Poisoning from an overdose of morphine.
- M S Contin
Note: This list may not be all inclusive.
- Body as a whole o Muscle spasticity
- Respiratory o Difficulty breathing o Slow and labored breathing o Shallow breathing o No breathing temporarily
- Eyes, ears, nose, and throat o Pinpoint pupils
- Skin o Bluish colored fingernails and lips
- Gastrointestinal o Spasms of the stomach and/or intestinal tract o nausea o Vomiting o Constipation
- Heart and blood vessels o Weak pulse o Low Blood pressure o Palpitations
- Nervous system o Drowsiness o Coma
- DO NOT INDUCE Vomiting.
- Perform mouth-to-mouth breathing if the person stops breathing.
Before Calling Emergency
Determine the following information:
- The patient’s age, weight, and condition
- The name of the product (ingredients and strengths if known)
- The time it was swallowed
- The amount swallowed
- If the medication was prescribed for the patient
Poison Control, or a local emergency number
They will instruct you if it is necessary to take the patient to the hospital. See Poison Control centers for telephone numbers and addresses. Take the container with you to the emergency room.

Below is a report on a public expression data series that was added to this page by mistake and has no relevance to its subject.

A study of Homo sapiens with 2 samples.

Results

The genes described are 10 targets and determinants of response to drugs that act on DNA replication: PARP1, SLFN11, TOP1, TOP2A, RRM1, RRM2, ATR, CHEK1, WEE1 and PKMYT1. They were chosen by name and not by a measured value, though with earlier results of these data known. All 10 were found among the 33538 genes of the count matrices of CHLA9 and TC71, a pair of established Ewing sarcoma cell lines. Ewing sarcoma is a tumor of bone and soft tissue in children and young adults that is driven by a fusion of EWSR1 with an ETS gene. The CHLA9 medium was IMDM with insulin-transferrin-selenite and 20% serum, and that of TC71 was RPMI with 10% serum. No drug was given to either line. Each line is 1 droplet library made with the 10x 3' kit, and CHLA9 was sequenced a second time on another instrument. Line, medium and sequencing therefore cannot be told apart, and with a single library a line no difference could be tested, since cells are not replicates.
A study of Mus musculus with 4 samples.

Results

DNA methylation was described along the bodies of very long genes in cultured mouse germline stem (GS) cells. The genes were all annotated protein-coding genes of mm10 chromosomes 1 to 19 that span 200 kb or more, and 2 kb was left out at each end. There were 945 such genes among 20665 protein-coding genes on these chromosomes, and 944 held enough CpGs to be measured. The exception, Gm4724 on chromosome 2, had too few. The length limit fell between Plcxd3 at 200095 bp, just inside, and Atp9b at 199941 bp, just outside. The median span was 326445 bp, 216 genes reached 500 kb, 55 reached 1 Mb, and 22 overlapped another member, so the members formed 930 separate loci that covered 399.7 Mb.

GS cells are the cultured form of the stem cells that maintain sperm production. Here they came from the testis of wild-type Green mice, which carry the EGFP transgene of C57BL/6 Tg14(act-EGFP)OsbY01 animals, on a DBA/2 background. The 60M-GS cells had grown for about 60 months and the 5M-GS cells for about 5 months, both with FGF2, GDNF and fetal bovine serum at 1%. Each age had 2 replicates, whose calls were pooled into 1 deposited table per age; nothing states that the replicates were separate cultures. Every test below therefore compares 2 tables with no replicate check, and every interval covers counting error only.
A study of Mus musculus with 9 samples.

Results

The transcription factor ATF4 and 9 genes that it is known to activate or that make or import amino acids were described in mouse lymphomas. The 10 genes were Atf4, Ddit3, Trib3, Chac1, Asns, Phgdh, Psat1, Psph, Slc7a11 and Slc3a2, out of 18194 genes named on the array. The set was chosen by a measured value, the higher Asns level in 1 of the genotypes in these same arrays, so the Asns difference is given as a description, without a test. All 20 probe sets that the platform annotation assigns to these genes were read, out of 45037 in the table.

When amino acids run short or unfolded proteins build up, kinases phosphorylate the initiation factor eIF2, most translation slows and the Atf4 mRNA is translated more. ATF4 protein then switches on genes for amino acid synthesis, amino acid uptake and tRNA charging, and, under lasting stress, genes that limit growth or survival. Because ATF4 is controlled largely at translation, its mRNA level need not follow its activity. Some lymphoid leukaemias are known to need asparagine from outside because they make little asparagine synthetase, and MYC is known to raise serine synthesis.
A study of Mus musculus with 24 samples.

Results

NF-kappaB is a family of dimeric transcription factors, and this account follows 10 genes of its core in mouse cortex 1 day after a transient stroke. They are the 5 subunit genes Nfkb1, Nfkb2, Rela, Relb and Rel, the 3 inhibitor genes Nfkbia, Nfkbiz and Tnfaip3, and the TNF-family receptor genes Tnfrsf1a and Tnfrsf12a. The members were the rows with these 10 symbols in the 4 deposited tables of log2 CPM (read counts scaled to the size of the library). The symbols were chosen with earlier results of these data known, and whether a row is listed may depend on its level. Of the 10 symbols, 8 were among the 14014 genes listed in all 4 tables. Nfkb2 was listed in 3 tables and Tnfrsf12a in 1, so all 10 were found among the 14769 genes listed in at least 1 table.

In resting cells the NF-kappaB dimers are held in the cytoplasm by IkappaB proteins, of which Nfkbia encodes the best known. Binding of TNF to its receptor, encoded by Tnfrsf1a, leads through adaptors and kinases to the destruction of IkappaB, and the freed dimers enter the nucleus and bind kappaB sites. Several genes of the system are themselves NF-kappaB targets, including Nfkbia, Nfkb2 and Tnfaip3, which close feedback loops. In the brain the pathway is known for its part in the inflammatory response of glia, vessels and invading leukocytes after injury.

What to expect at the emergency room
Some or all of the following procedures may be performed:
- Use gastric lavage.
- Administer activated charcoal.
- Administer a laxative.
- Give a counteracting drug (narcotic antagonist). Multiple doses may be needed.
- Administer intravenous fluids as needed.
- Monitor breathing.
- Treat the symptoms.
- Naloxone hydrochloride intravenously.
If an antidote can be given, recovery from an acute overdose occurs within 24 to 72 hours.
by David A. Scott, M.D.
All ArmMed Media material is provided for information only and is neither advice nor a substitute for proper medical care. Consult a qualified healthcare professional who understands your particular history for individual concerns.